US to provide long-range rocket system to Ukraine

US military personnel stand by a M142 High Mobility Artillery Rocket System (HIMARS), on March 6, 2022. PHOTO: AFP

WASHINGTON (REUTERS, AFP) - US President Joe Biden has agreed to provide Ukraine with advanced rocket systems that can strike with precision at long-range Russian targets as part of a US$700 million (S$958.72 million) weapons package expected to be unveiled on Wednesday (June 1).  

The United States is providing Ukraine with high mobility artillery rocket systems that can accurately hit targets as far away as 80km after Ukraine gave assurances they will not use the missiles to strike inside Russia, senior administration officials said.  

In a New York Times op-ed published on Tuesday, Mr Biden said Russia’s invasion of Ukraine will end through diplomacy but the US must provide significant weapons and ammunition to give Ukraine the highest leverage at the negotiating table.  

“That’s why I’ve decided that we will provide the Ukrainians with more advanced rocket systems and munitions that will enable them to more precisely strike key targets on the battlefield in Ukraine,” Mr Biden wrote.  

A senior Biden administration official said weaponry provided would include the M142 High Mobility Artillery Rocket System (HIMARS), which Ukraine’s armed forces chief said a month ago was crucial to counter Russian missile attacks.

The package also includes ammunition, counter fire radars, a number of air surveillance radars, additional Javelin anti-tank missiles, as well as anti-armour weapons, officials said. 

Ukrainian officials have been asking allies for longer-range missile systems that can fire a barrage of rockets hundreds of miles away, in the hopes of turning the tide in the three-month-long war.  

Mr Biden on Tuesday told reporters that “we’re not going to send to Ukraine rocket systems that strike into Russia".

He did not rule out providing any specific weapons system, but instead appeared to be placing conditions on how they could be used.

Mr Biden wants to help Ukraine defend itself but has been opposed to providing weapons that Ukraine could use to attack Russia.

Russian Foreign Minister Sergei Lavrov said the supply of US advanced rocket launchers to Ukraine raised the risks of a “third country” being dragged into the conflict.

Lavrov was responding to a question at a news conference about US plans to provide Ukraine with advanced rocket systems that can strike with precision at long-range Russian targets.

Asked later if the US move increased the chances of a third country becoming involved in the conflict, Lavrov said: “Such risks certainly exist.” He told a news conference in Saudi Arabia: “It is a direct provocation (by Ukraine), aimed at involving the West in military action.”

Separately, Kremlin spokesman Dmitry Peskov warned of an increased risk of direct confrontation with the United States.

“We believe that the United States is purposefully and diligently adding fuel to the fire,” Peskov told reporters, adding that such supplies would not encourage Ukraine’s leadership to resume stalled peace talks.

Shortly after the US decision was announced, the Russian defence ministry said Russia’s nuclear forces were holding drills in the Ivanovo province, northeast of Moscow, the Interfax news agency reported.

Some 1,000 servicemen were exercising in intense manoeuvres using more than 100 vehicles including Yars intercontinental ballistic missile launchers, it cited the ministry as saying.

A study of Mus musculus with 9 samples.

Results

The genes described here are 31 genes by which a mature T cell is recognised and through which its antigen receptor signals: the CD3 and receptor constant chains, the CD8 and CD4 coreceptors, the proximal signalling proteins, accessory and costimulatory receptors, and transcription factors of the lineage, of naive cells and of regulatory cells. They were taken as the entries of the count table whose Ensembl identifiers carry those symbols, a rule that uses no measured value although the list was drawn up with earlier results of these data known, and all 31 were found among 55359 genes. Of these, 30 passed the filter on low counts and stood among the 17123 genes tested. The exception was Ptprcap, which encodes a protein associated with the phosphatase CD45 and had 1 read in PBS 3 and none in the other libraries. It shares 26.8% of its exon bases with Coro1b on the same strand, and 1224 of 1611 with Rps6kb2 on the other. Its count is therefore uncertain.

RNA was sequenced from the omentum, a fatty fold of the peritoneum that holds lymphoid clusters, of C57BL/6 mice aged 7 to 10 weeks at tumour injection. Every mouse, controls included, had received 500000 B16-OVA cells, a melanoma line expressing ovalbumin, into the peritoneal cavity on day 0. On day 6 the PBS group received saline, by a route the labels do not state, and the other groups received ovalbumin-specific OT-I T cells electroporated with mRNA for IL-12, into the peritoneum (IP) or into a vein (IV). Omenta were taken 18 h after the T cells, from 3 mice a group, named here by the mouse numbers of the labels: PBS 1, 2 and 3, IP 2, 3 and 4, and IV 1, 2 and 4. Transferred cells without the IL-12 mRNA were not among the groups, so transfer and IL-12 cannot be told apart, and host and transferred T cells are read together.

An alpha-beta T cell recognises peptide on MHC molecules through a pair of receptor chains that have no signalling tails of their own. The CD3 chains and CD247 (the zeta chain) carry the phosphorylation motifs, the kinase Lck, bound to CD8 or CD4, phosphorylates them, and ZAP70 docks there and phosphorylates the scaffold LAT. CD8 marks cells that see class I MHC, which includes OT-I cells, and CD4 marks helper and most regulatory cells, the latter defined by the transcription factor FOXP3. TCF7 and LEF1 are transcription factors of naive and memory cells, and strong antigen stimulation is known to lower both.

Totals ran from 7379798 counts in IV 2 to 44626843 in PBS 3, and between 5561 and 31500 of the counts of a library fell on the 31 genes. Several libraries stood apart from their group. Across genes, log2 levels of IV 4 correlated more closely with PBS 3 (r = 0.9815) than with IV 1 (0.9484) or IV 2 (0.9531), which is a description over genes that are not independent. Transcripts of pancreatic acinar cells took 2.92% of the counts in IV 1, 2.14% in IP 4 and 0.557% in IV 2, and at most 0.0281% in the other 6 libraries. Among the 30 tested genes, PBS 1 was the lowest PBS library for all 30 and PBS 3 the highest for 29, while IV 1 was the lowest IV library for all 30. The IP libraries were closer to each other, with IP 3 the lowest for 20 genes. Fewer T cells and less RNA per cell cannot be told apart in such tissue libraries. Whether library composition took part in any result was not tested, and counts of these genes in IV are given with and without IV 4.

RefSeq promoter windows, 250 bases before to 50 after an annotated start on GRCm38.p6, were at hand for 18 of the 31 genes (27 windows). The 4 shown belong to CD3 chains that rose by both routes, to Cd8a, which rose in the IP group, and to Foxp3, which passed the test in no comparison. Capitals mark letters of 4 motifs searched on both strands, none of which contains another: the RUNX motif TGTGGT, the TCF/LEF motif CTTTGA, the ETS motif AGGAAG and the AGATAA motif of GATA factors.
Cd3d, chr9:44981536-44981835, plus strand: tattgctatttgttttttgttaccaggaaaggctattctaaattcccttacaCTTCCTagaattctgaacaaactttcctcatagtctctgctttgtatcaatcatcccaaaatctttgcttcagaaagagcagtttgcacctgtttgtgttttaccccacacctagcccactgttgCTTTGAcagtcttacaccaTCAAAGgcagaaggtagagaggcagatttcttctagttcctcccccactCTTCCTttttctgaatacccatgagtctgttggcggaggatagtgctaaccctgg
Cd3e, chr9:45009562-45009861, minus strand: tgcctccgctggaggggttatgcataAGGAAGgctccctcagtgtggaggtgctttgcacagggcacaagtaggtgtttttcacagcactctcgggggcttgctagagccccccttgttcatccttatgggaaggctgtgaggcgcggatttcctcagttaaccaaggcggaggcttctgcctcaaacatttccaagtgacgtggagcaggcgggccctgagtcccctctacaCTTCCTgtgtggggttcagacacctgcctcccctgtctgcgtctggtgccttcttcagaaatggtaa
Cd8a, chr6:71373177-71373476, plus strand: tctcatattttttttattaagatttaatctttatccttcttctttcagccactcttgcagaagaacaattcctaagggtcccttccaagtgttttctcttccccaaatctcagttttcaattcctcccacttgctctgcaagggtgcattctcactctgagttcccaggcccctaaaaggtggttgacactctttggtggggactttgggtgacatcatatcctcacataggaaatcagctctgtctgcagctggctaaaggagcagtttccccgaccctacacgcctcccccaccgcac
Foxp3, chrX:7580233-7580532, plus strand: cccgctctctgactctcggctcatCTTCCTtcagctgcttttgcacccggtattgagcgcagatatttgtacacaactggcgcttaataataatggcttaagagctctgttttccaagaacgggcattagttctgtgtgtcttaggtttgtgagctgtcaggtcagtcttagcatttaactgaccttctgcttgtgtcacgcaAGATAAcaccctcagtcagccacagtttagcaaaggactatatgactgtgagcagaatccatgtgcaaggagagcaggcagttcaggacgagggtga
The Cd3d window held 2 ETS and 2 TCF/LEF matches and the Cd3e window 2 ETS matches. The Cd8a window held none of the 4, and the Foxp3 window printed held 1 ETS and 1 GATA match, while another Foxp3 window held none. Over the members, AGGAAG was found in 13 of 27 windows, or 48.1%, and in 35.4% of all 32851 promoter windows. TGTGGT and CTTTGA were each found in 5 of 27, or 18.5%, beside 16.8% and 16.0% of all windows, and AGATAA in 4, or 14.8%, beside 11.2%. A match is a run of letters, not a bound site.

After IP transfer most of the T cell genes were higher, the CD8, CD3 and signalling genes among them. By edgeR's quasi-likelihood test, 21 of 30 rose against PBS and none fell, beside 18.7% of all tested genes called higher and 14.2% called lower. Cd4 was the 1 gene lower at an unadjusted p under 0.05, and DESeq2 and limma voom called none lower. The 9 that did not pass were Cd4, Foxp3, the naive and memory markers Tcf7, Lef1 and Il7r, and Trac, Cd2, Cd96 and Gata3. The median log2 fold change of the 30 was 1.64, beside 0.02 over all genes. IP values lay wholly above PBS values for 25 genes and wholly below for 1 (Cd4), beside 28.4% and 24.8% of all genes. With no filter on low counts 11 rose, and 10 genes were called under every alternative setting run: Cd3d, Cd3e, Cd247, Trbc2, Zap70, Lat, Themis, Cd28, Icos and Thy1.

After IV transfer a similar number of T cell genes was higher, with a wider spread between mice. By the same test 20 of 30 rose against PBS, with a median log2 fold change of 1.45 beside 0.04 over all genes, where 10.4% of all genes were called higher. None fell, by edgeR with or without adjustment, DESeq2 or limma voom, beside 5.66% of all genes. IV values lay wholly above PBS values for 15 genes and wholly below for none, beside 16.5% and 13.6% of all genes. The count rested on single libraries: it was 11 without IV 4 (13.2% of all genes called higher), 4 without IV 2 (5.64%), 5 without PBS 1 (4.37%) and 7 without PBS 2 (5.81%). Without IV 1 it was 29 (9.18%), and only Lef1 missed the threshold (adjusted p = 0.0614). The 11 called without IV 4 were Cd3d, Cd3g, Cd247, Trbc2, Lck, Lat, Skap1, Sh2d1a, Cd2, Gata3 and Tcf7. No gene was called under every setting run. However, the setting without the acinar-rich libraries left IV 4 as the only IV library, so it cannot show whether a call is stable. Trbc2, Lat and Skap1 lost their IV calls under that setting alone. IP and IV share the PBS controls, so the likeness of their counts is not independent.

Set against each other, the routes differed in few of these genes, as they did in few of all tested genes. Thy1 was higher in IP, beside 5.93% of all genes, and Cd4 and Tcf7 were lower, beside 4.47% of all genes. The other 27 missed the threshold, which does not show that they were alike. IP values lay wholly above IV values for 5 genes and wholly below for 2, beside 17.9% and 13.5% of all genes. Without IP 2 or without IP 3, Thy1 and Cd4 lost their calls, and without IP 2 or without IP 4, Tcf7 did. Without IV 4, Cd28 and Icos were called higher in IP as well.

There was no mention of the US decision to supply new weapons in the Interfax report.

Thousands of people have been killed in Ukraine and millions more displaced since the Russian invasion on Feb 24, which Moscow calls a “special military operation” to “denazify” its neighbour. Ukraine and its Western allies call this a baseless pretext for a war to seize territory.

The West has been increasingly willing to give Ukraine longer-range weaponry, including M777 howitzers, as its force battle Russians with more success than intelligence officials had predicted.

But US intelligence has also warned about growing risks, particularly given a mismatch between Russian President Vladimir Putin’s apparent ambitions and the performance of his military.  

Ukraine has started receiving Harpoon anti-ship missiles from Denmark and self-propelled howitzers from the US, Ukrainian Defence Minister Oleksiy Reznikov said on Saturday. 

Meanwhile, German Chancellor Olaf Scholz said on Wednesday it will deliver to Ukraine an air defence system capable of shielding a “large city from Russian air raids”, rejecting accusations that his government was slow to arm Kyiv.

Berlin will be “sending more weapons” to Ukraine, Scholz told parliament.

“The government has decided that we will send the Iris-T system – the most modern system that Germany currently possesses,” he said.

The system would “enable Ukraine to protect an entire major city from Russian airstrikes.” Germany will also deliver a tracking radar system capable of detecting enemy rocket artillery, he said.

Under heavy pressure over the last weeks, Scholz’s government has agreed to send heavy weapons including self-propelled howitzers and Leopard tanks to Ukraine.

On Tuesday, Scholz said in Brussels he had agreed a deal with Greece for Athens to send Soviet-era military vehicles to Ukraine in exchange for more modern armour from Berlin.

Germany has already struck a similar agreement with the Czech Republic to help supply weaponry to Ukraine and is currently negotiating one with Poland.

The goal is to supply Ukraine with vitally needed weapons from old Soviet-era stocks that it can quickly put into battle as it tries to halt Russia’s invasion.

Germany wants to deliver 14 Leopard battle tanks and one Leopard armoured vehicle to Prague in exchange for the Czechs sending T-72 tanks to Ukraine.

No date has yet been set for the delivery, however, Scholz told the German parliament.